Gene Wilder, the comedy actor who shone in such movies as Willy Wonka & The Chocolate Factory, The ProducersBlazing Saddles and Stir Crazy, has died aged 83.

Variety reports that his nephew, Jordan Walker-Pearlman, said he died of complications from Alzheimer’s disease at his home in Stamford, Connecticut on Monday.

Wilder, whose third wife Gilda Radner died of ovarian cancer, was treated for lymphoma in 2000.


He made his name in movies with his portrayals of neurotics and eccentrics in such comedy hits as The Producers, for which he was Oscar-nominated for the role as hyper-tense and sensitive accountant Leo Bloom.

He also charmed a whole generation in the lead role in Willy Wonka and the Chocolate Factory and went on to co-write the anarchic spoof Young Frankenstein with Mel Brooks.

Wilder also appeared in the comedies Start the Revolution Without Me and Quackser Fortune Has a Cousin in the Bronx, both in 1970.

Blazing SaddlesSilver Streak and The Frisco Kid followed and in Woody Allen’s 1972 romp Everything You Wanted to Know About Sex, he appeared in a sequence in which he played a doctor who falls in love with a sheep named Daisy.

Wilder’s final screen appearances were in the sitcom Will and Grace in 2013 and the TV series Yo Gabba Gabba in 2015.

Wilder made his professional acting debut in Off Broadway’s Roots in 1961, followed by a stint on Broadway itself in Graham Greene’s comedy The Complaisant Lover, which won him a Clarence Derwent Award as promising newcomer.

Mel Brooks spotted Wilder in a 1963 production of Brecht’s Mother Courage, in which Wilder starred with Brooks’ future wife, Anne Bancroft.

Wilder’s stage work also included One Flew Over the Cuckoo’s Nest in 1963 and Dynamite Tonight and The White House the following year.

He was cast as The Fox in the 1974 version of The Little Prince.

After various appearances on television, including a 1966 production of Death of a Salesman, he won acclaim as Eugene Grizzard, a kidnapped and rather manic undertaker in Arthur Penn’s Bonnie and Clyde starring Faye Dunaway and Warren Beatty.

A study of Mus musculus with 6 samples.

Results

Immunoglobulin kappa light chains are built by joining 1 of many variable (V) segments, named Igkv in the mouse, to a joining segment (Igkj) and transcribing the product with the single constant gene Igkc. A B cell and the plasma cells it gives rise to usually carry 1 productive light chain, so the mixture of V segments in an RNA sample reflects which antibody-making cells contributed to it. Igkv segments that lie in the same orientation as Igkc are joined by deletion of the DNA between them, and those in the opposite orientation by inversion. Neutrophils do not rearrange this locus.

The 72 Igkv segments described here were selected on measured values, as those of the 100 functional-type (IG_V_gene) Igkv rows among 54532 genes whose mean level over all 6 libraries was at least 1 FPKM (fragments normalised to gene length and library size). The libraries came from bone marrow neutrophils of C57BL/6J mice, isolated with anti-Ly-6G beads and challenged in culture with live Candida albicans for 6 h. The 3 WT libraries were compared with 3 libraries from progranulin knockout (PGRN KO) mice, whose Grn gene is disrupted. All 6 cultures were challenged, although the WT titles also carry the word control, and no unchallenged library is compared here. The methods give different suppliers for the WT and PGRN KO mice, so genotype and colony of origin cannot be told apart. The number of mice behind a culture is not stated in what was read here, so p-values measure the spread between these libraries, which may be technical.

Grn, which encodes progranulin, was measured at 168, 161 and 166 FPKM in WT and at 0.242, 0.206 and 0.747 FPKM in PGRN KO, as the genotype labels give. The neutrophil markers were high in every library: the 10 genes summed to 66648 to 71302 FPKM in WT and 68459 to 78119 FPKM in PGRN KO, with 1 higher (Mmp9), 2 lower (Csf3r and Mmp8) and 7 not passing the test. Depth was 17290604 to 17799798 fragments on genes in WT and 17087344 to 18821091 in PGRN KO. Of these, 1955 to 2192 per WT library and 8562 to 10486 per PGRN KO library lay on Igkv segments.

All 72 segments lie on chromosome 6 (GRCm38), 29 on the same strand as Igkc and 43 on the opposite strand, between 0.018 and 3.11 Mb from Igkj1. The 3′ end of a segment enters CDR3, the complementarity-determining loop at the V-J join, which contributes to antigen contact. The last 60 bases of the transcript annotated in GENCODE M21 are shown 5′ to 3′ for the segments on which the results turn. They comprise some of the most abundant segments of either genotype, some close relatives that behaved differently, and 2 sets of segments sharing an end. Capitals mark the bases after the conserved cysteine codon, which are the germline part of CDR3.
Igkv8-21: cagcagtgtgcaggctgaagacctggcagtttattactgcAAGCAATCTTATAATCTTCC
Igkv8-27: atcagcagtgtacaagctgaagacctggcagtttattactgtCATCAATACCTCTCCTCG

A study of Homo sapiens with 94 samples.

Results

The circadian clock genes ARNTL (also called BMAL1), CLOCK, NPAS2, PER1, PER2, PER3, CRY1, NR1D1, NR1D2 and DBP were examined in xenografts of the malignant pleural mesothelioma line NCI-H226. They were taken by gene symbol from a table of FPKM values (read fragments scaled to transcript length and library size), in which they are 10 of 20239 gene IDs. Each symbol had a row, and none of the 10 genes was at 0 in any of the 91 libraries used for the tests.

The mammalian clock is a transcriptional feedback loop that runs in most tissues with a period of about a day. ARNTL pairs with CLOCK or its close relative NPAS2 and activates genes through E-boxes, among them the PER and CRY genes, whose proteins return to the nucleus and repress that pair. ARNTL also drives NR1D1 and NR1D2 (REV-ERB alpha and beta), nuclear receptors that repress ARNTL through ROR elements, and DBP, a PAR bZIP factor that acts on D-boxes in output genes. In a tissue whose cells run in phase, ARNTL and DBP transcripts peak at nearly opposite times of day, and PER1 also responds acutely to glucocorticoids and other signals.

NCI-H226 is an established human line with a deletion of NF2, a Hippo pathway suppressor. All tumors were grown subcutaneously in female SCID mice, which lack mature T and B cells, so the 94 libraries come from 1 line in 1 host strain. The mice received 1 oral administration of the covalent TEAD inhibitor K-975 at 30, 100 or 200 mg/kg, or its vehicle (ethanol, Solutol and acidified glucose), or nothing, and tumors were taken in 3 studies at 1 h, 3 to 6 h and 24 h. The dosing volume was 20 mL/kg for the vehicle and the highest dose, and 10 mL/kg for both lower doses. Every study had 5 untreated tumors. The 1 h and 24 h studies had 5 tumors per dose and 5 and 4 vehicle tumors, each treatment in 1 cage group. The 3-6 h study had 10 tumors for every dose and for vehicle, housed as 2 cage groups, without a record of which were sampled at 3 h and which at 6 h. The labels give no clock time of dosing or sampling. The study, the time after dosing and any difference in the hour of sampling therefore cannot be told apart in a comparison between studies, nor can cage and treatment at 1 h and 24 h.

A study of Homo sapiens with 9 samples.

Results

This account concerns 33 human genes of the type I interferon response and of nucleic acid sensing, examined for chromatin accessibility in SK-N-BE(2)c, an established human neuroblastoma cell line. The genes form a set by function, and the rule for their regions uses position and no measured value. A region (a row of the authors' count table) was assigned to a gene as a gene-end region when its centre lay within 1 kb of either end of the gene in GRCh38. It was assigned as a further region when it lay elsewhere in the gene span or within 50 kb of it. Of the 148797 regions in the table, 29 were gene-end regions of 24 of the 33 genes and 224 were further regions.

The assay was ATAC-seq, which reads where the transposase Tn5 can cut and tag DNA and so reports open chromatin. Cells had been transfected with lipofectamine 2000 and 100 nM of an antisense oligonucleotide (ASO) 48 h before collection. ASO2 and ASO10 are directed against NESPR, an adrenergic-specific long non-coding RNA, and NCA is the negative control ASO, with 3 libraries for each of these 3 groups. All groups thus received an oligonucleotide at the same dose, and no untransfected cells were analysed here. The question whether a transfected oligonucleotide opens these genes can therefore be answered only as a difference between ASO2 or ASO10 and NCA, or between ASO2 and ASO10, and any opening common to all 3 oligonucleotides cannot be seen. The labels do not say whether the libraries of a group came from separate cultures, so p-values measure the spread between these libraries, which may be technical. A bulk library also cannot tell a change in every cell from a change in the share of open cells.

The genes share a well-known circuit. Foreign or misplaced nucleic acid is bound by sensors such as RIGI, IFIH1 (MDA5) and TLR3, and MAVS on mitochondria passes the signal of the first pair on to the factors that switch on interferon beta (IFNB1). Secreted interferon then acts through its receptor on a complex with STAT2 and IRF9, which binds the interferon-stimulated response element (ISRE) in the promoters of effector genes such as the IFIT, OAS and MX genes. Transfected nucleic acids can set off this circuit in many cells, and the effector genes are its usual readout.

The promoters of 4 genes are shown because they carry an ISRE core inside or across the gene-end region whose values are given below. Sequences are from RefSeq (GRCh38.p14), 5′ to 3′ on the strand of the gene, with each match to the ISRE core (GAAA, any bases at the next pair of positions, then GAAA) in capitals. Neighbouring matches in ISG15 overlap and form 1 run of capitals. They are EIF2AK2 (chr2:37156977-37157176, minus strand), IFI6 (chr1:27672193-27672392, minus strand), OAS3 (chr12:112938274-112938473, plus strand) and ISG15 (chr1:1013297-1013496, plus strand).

He was acclaimed for his turn as The Waco Kid in Brooks’s third film, the spoof Western and box office smash Blazing Saddles.

The 1974 movie shot down the myths perpetuated about the American West, pouring light on closeted racism, but it is also stacked full of gags and is often listed among critics’ top 10 comedy films.


Wilder was close friends with Richard Pryor and their contrasting personas – Wilder uptight, Pryor loose – were ideal for comedy. They co-starred in four films: Silver StreakStir CrazySee No Evil, Hear No Evil and Another You.

But Wilder would insist in a 2013 interview that he was no comedian, saying it was the biggest misconception about him.

“What a comic, what a funny guy, all that stuff! And I’m not. I’m really not. Except in a comedy in films,” Wilder said.

“But I make my wife laugh once or twice in the house, but nothing special. But when people see me in a movie and it’s funny then they stop and say things to me about ‘how funny you were.’ But I don’t think I’m that funny. I think I can be in the movies.”

His last major role was in a TV film version of Alice in Wonderland in the late 1990s, which also starred Ben Kingsley and Martin Short.


On Monday, Mel Brooks tweeted: “Gene Wilder-One of the truly great talents of our time. He blessed every film we did with his magic & he blessed me with his friendship.”



Actor Jim Carrey also paid tribute, saying: “Gene Wilder was one of the funniest and sweetest energies ever to take a human form. If there’s a heaven he has a Golden Ticket.”

Editor’s Note: Wilder’s Wonka is one of our all-time favourite acting performances, and Wilder is one of our absolute favourite actors. His pure warmth shone through in every film; his undying imagination and genuine soul will live on through an extraordinary tableau of work. It’s sad that we’ll never again be able to marvel at a Gene Wilder performance, but what he left us with is beyond amazing. Thank you, Mr. Wilder. You truly are a star.


This entry was posted in: Movies


Lucien writes on film, television and politics at and co-hosts the podcasts Above All Else and The 99%.